Friends don't let friends photocopy coupons
This letter comes from a reader dealing with a tricky situation. I thought this was an important story to share.
Q: A friend taught me to coupon last year. She also taught me how to abuse the system with photocopying. I never really thought it was right, but I never thought there'd be repercussions.
A few months ago, she started borrowing and copying my coupons since she maxed out the number of coupons she could print on her account. Last week, I discovered I couldn't print mine either. I spoke with her, expressed my concern and disappointment over losing my printing privileges, and we both agreed to destroy any copies we still had in our possession. But then she told me she made copies of my coupons for other people, too.
How can I redeem myself and regain my printing privileges? I'm scared to death of possible legal action on the company's part. What can I do?
A: I'm sorry to hear that your friend advocated photocopying and reusing coupons. It's coupon fraud, plain and simple, and reading the fine print on any coupon will tell you that. And yet, this isn't the first email I've received from serial photocopiers who don't seem to care that what they're doing is a crime … until they're about to get caught, that is.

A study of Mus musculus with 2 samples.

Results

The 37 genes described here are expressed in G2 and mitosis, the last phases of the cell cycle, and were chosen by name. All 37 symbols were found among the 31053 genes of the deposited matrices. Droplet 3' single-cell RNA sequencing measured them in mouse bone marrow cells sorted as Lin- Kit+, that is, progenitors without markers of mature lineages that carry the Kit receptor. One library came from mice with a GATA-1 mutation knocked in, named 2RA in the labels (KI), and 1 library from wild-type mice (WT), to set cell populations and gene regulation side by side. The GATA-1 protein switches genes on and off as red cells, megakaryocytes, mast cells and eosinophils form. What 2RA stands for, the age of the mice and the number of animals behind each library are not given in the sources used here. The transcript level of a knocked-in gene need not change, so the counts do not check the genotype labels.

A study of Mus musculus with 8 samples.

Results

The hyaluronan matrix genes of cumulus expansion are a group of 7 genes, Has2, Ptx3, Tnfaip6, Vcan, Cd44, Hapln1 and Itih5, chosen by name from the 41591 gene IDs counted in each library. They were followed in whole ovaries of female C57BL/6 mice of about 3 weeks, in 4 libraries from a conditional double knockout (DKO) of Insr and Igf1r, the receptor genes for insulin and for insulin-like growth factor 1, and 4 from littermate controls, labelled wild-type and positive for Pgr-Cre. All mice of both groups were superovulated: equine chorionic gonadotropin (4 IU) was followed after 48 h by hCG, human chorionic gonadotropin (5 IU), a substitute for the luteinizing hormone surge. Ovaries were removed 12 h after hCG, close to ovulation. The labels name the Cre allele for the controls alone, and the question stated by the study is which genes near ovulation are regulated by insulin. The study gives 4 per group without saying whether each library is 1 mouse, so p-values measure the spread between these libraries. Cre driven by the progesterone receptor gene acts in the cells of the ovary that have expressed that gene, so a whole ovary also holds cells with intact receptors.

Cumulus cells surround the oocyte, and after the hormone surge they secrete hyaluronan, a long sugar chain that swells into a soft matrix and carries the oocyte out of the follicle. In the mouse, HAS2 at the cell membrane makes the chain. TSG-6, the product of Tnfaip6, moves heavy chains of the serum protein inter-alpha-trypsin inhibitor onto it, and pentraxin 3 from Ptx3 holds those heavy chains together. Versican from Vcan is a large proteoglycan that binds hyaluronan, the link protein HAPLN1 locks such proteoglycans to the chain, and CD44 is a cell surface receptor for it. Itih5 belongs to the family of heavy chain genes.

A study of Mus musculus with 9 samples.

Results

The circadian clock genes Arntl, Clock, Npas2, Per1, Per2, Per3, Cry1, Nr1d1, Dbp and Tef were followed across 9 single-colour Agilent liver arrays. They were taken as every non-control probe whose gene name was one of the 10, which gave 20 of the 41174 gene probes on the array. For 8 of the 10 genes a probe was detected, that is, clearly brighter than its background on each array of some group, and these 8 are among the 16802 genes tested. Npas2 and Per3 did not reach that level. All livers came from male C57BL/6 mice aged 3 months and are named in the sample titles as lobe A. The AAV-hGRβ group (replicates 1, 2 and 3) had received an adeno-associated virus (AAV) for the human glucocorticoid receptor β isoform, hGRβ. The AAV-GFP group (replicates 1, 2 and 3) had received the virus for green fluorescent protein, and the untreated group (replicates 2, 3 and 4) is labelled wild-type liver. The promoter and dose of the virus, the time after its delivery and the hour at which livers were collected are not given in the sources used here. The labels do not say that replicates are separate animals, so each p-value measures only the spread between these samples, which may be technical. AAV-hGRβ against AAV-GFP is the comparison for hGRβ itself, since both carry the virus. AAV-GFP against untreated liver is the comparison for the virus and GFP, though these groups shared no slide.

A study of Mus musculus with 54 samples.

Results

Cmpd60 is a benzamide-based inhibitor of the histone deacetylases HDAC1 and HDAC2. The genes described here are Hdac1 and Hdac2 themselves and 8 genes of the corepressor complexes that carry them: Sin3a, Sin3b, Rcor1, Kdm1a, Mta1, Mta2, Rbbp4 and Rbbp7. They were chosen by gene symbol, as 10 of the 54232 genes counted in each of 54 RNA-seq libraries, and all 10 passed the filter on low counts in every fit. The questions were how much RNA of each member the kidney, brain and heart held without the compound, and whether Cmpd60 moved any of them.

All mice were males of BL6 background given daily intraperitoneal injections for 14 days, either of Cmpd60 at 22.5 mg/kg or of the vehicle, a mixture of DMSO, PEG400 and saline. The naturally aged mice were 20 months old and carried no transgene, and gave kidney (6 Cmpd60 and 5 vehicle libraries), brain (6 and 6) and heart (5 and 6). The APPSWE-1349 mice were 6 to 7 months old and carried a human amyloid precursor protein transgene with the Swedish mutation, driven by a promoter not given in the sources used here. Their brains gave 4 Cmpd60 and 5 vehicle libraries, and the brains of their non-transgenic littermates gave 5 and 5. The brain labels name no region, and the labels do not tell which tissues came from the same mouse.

Printable coupons from major websites have a unique identifier, typically an additional bar code or serial number. This identifier is tied to your computer's IP address. That means any coupon misuse can be traced back to you.
At the clearinghouse, photocopied coupons are pulled from the conveyor belt, tagged and reported. Coupon processing systems keep these fraudulent coupons for at least one year. Once photocopies are identified, coupon sites can disable the printing plug-in on the computer that generates the fakes. That's what happened to you. It's highly unlikely that a company will restore printing privileges once they've been revoked.
Unfortunately, having printing privileges revoked is only the first step. The company can also ask the Internet service provider for records that show if the customer was signed onto that IP address at the time the fraudulent coupons were printed. They will then be able to tie a specific person or account to that instance of fraud. At that point, they may prosecute.
Jill Cataldo, a coupon workshop instructor, writer and mother of three, never passes up a good deal. Learn more about couponing at her website, www.jillcataldo.com.